Previously Published in THE DAILY IOWAN on January 31, 2018.
Image Credit: Ben Smith/The Daily Iowan
Written By Rhiana Chickering
One day, author and University of Iowa graduate Tom Hunt was reading a news article about a man whose wife was sick. The man was trying to raise mo ney for his wife’s surgery, noting that he would do anything to get the money they needed.
As Hunt began wondering just how far the man would go to get the money his wife needed for surgery, a plot took on a life of its own.
Hunt’s début thriller novel, Killer Choice, focuses on Gary, who faces a difficult decision in order to procure the money for his pregnant wife’s treatment she needs for an inoperable tumor.
Tonight at Prairie Lights, Hunt will read from Killer Choice, providing readers with an glimpse into what has been described as a “nail-biting plot.”
“The main character is just a normal guy,” he said. “A lot of books you read, in thrillers especially, the main character is usually a police officer, or a police detective, or an international superspy like James Bond, or someone like Rambo, but this book is just about a normal, everyday guy who has a normal, everyday job and just has something really bad happen to him — something that’s way out of character for him in order to save his wife.”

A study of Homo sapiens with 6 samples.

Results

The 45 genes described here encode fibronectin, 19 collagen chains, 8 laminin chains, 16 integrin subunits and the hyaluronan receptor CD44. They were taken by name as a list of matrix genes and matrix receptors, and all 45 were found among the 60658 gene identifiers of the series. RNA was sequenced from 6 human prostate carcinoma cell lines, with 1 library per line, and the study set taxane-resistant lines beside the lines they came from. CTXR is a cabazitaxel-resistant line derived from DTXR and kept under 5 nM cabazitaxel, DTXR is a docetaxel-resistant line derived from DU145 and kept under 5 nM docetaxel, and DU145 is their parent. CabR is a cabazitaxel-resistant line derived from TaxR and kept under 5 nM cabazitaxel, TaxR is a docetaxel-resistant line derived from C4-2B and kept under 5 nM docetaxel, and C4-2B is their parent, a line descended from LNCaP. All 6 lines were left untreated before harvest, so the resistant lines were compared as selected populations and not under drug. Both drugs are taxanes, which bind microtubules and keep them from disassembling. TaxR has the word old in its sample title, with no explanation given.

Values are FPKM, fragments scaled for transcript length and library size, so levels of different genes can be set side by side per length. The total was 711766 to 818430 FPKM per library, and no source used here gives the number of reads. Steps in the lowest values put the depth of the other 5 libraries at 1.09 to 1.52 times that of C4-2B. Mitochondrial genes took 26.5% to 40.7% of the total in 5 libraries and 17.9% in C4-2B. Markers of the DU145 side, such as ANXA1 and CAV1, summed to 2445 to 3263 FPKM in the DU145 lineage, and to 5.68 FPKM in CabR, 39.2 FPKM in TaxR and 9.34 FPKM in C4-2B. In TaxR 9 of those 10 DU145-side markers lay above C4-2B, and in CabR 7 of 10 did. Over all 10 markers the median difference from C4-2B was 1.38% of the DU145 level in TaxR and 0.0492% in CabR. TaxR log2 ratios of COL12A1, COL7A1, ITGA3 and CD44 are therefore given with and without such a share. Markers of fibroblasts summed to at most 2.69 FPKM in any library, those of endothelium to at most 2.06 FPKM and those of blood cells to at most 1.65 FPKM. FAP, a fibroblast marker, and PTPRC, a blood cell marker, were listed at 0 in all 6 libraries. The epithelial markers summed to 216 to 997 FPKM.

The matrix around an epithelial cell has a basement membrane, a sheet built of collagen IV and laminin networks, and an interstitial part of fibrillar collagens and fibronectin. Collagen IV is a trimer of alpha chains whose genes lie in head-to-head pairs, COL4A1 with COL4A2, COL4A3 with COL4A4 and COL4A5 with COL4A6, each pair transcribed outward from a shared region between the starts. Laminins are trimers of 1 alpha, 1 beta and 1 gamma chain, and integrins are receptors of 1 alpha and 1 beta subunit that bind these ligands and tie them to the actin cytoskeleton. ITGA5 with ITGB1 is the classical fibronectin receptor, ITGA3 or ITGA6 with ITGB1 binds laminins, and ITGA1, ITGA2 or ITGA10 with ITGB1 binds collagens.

In Killer Choice, Hunt developed relatable characters with distinct personalities and characteristics, which makes the thriller compelling.
When he attended the University of Iowa as a communications major with a strong interest in writing, he learned to grasp the audience’s attention and move the plot in a quick and riveting manner, which is evident in his thriller.
“I’ve always enjoyed reading a lot, [and I] always knew I wanted to take a stab at writing novels,” Hunt said. “I also wrote a couple [novels] before [Killer Choice] that never got published, but that was more of a learning experience, not only writing but also the process of submitting the book for publishing, and finding an agent, and how all of that works.”
In the midst of working for well-known advertising agencies, including Saatchi & Saatchi and J. Walter Thompson, Hunt has completed the first draft of his second novel and has an idea for a third.
When writing a novel, Hunt acknowledges his process to write every day — even if he gets stuck.
He compares working through a creative block to a basketball player who is having a difficult time making shots. Just as the basketball player who continues to shoot basketballs will ultimately make a shot, a writer who continues to write will write something astonishing.
Eventually, the story may even become autonomous in certain regards.
“It’s really cool how the book takes on a life of its own as you write — the characters as well,” said Hunt. “Usually, [when] you go into the book, you have a general idea of how the book will end up [and] how the people turn out, but once you start writing, the book almost never actually follows that.”
The Washington, Iowa, native looks forward to visiting Iowa City and its literary culture again.
“When I was a student, I would always go to Prairie Lights to buy books just all the time, so it will be really incredible actually to have a book signing there and just have my book for sale there. It will be really neat.”